U.S. cancer death rate declines, but work is needed to address local disparities

UNC Lineberger researchers Ethan Basch, MD, MSc, and Stephanie Wheeler, PhD, MPH, called for tailored, local-level cancer prevention, screening and treatment efforts to address regional disparities in cancer mortality rates in an editorial published in the Journal of the American Medical Association.

U.S. cancer death rate declines, but work is needed to address local disparities click to enlarge Stephane Wheeler, PhD, MPH, and Martin Basch, MD, MSc.

Media Contact: Laura Oleniacz, 919-445-4219, laura_oleniacz@med.unc.edu

While a new study has shown a marked decline in the cancer mortality rates across the United States, University of North Carolina Lineberger Comprehensive Cancer Center researchers have called for tailored, local-level cancer prevention, screening and treatment efforts to address regional disparities in cancer mortality rates.

Ethan Basch, MD, MSc, director of the UNC Lineberger Cancer Outcomes Research Program and a professor in the UNC School of Medicine, and Stephane Wheeler, PhD, MPH, a UNC Lineberger member and associate professor in the UNC Gillings School of Global Public Health, highlighted the need for local actions in an editorial in Tuesday's Journal of the American Medical Association.

“We’re very uneven in how well we screen, prevent and treat cancer in different locations around the country, and people pay the price for that with their lives,” said Basch.

The editorial accompanied a study that found that cancer mortality rates across the United States fell by an estimated 20.1 percent between 1980 and 2014, from 240.2 to 192 deaths per 100,000 people.

The study, led by Ali Mokdad, PhD, at the University of Washington’s Institute for Health Metrics and Evaluation, also examined rates at the county level, finding some large variation. For example, the study found that death rates ranged from 70.7 percent in one county in Colorado to 503.1 per 100,000 people in a county in Florida.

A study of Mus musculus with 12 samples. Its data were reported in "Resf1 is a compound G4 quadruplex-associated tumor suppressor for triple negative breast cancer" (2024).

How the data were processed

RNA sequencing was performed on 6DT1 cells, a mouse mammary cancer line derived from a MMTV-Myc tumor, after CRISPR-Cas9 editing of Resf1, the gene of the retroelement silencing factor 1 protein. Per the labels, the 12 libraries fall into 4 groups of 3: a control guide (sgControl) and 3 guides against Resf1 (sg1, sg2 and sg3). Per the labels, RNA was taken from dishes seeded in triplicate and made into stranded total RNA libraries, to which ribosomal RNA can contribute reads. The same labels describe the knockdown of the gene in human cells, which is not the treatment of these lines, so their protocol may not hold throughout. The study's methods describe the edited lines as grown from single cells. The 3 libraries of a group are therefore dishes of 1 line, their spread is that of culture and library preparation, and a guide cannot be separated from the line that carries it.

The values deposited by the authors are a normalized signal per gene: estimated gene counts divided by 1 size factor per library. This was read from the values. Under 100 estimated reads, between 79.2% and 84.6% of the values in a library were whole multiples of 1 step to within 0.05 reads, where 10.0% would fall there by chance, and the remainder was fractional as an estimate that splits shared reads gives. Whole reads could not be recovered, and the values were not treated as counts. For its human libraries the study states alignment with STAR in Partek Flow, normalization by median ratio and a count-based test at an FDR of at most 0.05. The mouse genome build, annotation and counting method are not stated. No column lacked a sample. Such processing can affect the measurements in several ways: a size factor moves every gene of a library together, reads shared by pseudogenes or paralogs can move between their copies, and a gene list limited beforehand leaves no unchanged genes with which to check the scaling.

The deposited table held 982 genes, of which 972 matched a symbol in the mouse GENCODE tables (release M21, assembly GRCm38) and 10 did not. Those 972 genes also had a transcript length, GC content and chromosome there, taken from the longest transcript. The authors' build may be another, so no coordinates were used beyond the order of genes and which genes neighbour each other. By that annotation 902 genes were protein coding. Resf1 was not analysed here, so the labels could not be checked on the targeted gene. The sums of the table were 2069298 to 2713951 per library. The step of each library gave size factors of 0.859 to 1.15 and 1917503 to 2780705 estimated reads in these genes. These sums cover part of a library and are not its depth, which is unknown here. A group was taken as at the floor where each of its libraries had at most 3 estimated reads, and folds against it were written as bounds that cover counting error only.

In the editorial, Basch and Wheeler applauded the decline in cancer mortality rates nationally, which they attribute to the hard work of scientists, clinicians, public health administrators and others. They noted, however, that the strides made against cancer were not seen in every community or with every cancer. For example, progress against pancreatic cancer has been largely static since 1980.

They called for interventions, programs and policies that are not “one-size-fits all.” "There is a responsibility for policy makers and hospital systems to provide access to these services to these populations in ways that are targeted to their local context,” Basch said.

UNC Lineberger researchers are already implementing this localized approach. Using data generated by the Integrated Cancer Information and Surveillance System, which tracks and links information on cancer incidence, mortality, and burden in North Carolina and data sources at an individual and aggregate level that describe health care, economic, social, behavioral, and environmental patterns, they identified communities in northeastern North Carolina and near Charlotte that have poor colorectal cancer outcomes. They are now launching a colorectal cancer screening program in those communities as one measure to counter those disparities.

“There are ways that we are acting on the knowledge we have on disparities in cancer outcomes using surveillance to improve outcomes for people,” Basch said. “You identify a problem, you figure out the best way to solve the problem, and then you launch an intervention to fix it.”